Source: Washington Free Beacon, By Joe Schoffstall , February 6, 2021
Campaign payments to her husband’s firm accounted for nearly 80 percent of its 2020 cash haul
Rep. Ilhan Omar’s (D., Minn.) campaign payments to her husband’s firm accounted for nearly 80 percent of its cash haul during the 2020 elections, federal filings show.
The E Street Group, a D.C. consulting firm owned by Tim Mynett, Omar’s husband, and his partner Will Hailer, received $3.7 million from political committees this past cycle. Omar’s campaign was by far its biggest moneymaker, doling out 146 checks for $2.9 million, or 78 percent of the firm’s payments. Its second biggest cash source was Omar mentor Rep. Pramila Jayapal (D., Wash.), whose campaign provided $194,000. The two combined for 85 percent of the firm’s payments.
Omar’s payments to E Street constituted a large part of her campaign expenditures. Her committee spent $5.2 million, meaning that the $2.9 million that she funneled to her husband’s firm was 56 percent of the campaign’s operational costs. The money went toward advertisements, mail, consulting, and travel.
Omar faced heat over the payments but brushed them off as typical campaign work. Last July, she defended herself following a Washington Free Beacon report detailing $600,000 in payments over a three-week span. “I don’t pay my husband, I pay the firm to do work, and that 600 really is an example of that work,” Omar said when questioned during a debate. “And so what we do is that we have this firm really carry out the contractual work that we do with other vendors.”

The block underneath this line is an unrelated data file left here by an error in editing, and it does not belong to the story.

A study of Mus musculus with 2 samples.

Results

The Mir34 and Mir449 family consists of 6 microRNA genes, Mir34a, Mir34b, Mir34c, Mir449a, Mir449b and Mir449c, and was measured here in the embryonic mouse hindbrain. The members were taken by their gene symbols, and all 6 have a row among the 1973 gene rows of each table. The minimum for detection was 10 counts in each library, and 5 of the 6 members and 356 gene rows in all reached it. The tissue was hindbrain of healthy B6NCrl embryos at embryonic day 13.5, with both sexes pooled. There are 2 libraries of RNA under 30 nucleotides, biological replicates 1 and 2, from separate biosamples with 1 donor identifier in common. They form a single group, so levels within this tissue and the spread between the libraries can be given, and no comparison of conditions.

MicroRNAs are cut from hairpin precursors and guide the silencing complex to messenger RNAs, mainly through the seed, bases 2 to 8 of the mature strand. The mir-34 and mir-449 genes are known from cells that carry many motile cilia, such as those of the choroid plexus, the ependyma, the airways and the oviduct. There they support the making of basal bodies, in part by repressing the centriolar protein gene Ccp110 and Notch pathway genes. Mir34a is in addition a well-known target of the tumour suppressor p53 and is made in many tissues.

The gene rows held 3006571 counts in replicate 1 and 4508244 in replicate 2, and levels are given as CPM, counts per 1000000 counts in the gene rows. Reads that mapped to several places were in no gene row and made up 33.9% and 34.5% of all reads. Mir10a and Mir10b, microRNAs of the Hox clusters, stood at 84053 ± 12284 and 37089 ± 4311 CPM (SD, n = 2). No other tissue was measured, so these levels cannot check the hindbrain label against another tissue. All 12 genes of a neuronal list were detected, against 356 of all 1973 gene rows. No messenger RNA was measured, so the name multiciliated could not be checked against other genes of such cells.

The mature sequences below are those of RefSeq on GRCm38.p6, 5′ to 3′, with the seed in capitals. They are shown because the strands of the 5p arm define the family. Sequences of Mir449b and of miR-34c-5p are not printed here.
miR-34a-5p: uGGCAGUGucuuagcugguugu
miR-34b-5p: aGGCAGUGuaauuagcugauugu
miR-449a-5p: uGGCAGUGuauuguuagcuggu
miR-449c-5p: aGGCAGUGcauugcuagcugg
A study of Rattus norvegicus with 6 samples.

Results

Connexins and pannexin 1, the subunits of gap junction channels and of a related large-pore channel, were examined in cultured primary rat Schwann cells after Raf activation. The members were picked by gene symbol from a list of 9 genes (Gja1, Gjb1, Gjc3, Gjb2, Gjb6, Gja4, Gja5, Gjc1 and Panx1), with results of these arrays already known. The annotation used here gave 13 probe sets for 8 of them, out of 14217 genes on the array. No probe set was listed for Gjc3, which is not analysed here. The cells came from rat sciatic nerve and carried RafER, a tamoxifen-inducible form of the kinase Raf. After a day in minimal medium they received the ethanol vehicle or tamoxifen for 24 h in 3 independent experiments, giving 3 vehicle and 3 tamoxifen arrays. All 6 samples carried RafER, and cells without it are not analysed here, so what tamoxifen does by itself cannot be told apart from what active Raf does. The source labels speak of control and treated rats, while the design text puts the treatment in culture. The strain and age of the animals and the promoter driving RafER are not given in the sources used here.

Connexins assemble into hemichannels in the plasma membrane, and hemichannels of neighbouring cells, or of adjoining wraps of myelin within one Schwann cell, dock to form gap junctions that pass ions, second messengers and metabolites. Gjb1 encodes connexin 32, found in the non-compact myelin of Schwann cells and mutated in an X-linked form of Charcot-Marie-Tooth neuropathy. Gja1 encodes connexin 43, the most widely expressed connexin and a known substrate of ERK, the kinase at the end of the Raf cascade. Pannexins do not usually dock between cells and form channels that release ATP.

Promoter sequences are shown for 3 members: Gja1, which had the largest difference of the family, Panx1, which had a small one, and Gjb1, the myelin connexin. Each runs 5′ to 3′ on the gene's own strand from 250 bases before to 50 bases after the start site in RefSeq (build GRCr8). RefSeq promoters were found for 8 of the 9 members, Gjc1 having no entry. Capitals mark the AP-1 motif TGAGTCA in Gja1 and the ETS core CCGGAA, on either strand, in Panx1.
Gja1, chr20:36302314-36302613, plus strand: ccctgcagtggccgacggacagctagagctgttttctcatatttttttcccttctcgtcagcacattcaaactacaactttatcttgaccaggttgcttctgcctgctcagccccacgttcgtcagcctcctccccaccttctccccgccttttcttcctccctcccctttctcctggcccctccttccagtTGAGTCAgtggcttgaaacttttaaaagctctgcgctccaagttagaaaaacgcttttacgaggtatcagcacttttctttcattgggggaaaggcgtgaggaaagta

Omar doubled down in September, telling the New York Times that getting rid of her husband’s firm would be a “stupid thing to do.”
“You don’t stop using the service of people who are doing good work because somebody thinks it means something else,” she said. “Why would I not work with people who understand my district, who have been working there for 10 years, who understand what it means to raise resources for a candidate like myself and manage and target our communications to our district to battle the misinformation and narratives that the media and our adversaries continue to put out?”
Two months later, however, Omar sent an abrupt email to supporters announcing that she would cut ties with the firm. “So we’ve decided to terminate our contract with Tim and Will’s firm,” the email said. “While many of our close supporters know these two well and have recommended we keep them on — I want to make sure that anybody who is supporting our campaign with their time or financial support feels there is no perceived issue with that support.”
Omar’s final payment was made in early November.
Despite raking in millions from Omar’s campaign, Mynett’s firm also received more than a half a million dollars in bailout cash last year intended to help small businesses cope with the economic downturn caused by the coronavirus pandemic.
Omar’s campaign did not respond to a request for comment on the payments.